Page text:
With proposals before Congress (see Legislative section to the right) to allow the FDA additional power to regulate the industry of vitamins and supplements, there have been recent developments of note.
Last week, the National Institutes of Health held a State of the Science conference and issued a statement on the role of multiple vitamins in the prevention of chronic disease. A State of the Science conference is one of two types of conferences that the NIH holds to define the science in a given area. The other is a Consensus Conference. The difference between the two is that a consensus conference is held when there is enough science on a topic that creates general agreement. A State of the Science conference is held when there is not enough science for a consensus.
What came out of the conference from last week were a lot of headlines questioning whether multiple vitamins were of use. That is not exactly what the conference stated, but the media need to paint things in black and white in order to prepare a story – or so they seem to think.
However, Canada’s Independent Vitamin Safety Review Panel came up with their own draft report this week which expressed the sentiment that the NIH stacked the deck against vitamins in putting together the conference.
This vitamin war between nations is serious. One casualty could be NIH credibility. It better not be. NIH now should go to extremes to demonstrate that it put together that conference in good faith. If it can’t do that, it is well to remember that which I have often stated here before – a charge unanswered is a charge admitted. This is not to say the Canadians are right, but their statement certainly leaves NIH with some questions to answer – and they should answer them.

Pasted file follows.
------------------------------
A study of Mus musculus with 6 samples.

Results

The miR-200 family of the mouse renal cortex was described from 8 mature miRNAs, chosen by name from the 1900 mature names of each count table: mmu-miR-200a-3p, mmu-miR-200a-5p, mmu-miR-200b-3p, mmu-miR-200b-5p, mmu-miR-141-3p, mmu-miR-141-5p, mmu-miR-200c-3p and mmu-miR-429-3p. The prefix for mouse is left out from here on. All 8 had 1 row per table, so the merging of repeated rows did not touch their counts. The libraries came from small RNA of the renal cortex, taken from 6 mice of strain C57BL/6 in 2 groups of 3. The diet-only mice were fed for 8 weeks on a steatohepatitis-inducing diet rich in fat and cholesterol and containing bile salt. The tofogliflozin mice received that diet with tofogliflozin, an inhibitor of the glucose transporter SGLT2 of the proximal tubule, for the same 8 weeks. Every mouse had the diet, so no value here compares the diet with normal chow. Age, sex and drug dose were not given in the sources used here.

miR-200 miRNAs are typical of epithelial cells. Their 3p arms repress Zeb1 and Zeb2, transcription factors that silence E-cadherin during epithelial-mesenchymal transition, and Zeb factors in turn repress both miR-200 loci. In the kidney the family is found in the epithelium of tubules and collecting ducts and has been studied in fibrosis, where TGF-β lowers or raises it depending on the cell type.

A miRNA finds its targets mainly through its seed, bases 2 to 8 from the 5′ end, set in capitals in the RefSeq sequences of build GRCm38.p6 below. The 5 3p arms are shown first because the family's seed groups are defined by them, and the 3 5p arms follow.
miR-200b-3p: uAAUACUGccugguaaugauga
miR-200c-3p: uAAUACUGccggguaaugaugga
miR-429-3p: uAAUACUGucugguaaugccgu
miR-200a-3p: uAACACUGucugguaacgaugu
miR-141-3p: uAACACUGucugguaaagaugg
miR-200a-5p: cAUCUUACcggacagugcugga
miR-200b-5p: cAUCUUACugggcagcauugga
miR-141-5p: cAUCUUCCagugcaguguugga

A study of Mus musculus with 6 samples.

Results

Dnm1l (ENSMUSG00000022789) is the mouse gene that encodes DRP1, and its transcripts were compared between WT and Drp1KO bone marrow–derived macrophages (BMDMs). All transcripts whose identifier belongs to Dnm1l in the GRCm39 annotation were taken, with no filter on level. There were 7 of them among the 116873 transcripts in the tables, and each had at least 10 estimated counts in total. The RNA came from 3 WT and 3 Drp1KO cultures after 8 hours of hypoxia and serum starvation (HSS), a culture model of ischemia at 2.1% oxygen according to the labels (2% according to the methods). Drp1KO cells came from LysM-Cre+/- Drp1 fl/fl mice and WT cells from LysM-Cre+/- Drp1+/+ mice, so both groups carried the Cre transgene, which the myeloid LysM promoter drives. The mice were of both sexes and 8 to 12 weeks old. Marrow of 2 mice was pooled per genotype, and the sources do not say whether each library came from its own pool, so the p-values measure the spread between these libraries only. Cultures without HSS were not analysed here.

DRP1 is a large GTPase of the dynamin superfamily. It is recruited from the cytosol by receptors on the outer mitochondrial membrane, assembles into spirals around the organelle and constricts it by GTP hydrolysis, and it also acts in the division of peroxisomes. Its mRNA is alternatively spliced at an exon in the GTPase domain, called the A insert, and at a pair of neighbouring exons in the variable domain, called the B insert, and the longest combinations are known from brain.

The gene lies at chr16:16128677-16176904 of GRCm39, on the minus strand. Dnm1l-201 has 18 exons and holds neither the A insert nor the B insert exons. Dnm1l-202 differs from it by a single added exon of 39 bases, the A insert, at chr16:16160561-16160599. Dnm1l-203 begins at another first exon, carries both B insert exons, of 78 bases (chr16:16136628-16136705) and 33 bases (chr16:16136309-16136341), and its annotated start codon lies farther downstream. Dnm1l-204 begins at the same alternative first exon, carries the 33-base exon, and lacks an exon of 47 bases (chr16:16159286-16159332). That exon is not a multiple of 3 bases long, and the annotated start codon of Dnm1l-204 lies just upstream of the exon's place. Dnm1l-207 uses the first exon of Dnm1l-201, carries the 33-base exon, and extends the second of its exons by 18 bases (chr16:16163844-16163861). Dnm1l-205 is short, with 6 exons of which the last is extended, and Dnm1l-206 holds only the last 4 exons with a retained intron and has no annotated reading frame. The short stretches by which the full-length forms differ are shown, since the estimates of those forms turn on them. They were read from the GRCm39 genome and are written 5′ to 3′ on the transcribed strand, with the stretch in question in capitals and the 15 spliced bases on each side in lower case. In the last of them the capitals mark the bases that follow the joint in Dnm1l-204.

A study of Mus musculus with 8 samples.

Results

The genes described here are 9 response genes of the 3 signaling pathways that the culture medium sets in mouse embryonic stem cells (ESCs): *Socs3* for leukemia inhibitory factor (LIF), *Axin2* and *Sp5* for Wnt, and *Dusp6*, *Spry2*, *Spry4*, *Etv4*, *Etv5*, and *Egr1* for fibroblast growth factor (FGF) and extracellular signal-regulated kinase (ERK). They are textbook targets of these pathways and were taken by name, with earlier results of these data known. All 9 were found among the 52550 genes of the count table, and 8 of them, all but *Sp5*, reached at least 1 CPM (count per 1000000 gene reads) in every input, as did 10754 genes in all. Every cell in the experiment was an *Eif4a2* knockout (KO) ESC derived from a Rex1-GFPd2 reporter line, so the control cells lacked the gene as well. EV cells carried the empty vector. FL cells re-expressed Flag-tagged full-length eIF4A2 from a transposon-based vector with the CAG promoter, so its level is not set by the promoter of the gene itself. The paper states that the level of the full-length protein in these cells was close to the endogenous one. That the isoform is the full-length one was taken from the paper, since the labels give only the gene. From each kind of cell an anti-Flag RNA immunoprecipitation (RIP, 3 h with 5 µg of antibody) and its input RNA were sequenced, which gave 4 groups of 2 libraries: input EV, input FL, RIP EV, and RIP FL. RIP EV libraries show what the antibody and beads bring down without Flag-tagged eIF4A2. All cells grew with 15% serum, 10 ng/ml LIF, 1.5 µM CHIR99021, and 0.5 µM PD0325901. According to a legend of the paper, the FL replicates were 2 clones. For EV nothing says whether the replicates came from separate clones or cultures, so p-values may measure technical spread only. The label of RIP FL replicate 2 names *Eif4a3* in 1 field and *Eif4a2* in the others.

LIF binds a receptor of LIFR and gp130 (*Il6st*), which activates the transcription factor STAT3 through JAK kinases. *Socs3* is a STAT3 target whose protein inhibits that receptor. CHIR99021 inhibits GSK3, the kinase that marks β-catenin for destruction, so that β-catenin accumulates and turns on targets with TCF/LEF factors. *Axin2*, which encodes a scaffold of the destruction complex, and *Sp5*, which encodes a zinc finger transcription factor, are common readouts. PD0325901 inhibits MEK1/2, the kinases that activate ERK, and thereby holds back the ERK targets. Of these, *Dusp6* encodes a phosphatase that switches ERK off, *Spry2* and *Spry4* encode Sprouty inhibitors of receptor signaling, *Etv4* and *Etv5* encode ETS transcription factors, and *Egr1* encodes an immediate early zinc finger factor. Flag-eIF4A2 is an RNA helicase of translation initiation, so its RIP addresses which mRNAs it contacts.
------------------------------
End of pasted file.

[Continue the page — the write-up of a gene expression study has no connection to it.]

To that end, the Canadian statement is well reasoned and thought out. It would be better if this expression of opinion had happened in private than in public, but it is public now. NIH had better answer, or its credibility could go the way of FDA, where the latest Harris poll demonstrates a dramatic loss of confidence by the public in the agency.
Whether or not the vitamin and supplement industry needs more regulation is another matter. But the debate should not be shaped by innuendo and a stacking of the deck. There has been enough of that during this Administration, as the situation in Iraq exemplifies. Rather public policy decisions should be based on fact and each and every agency, including NIH and FDA, should go to great lengths to assure their credible approaches. The NIH should learn from FDA gaffes with medical marijuana and the Plan B fiasco.
South Park – get ready! Blame Canada!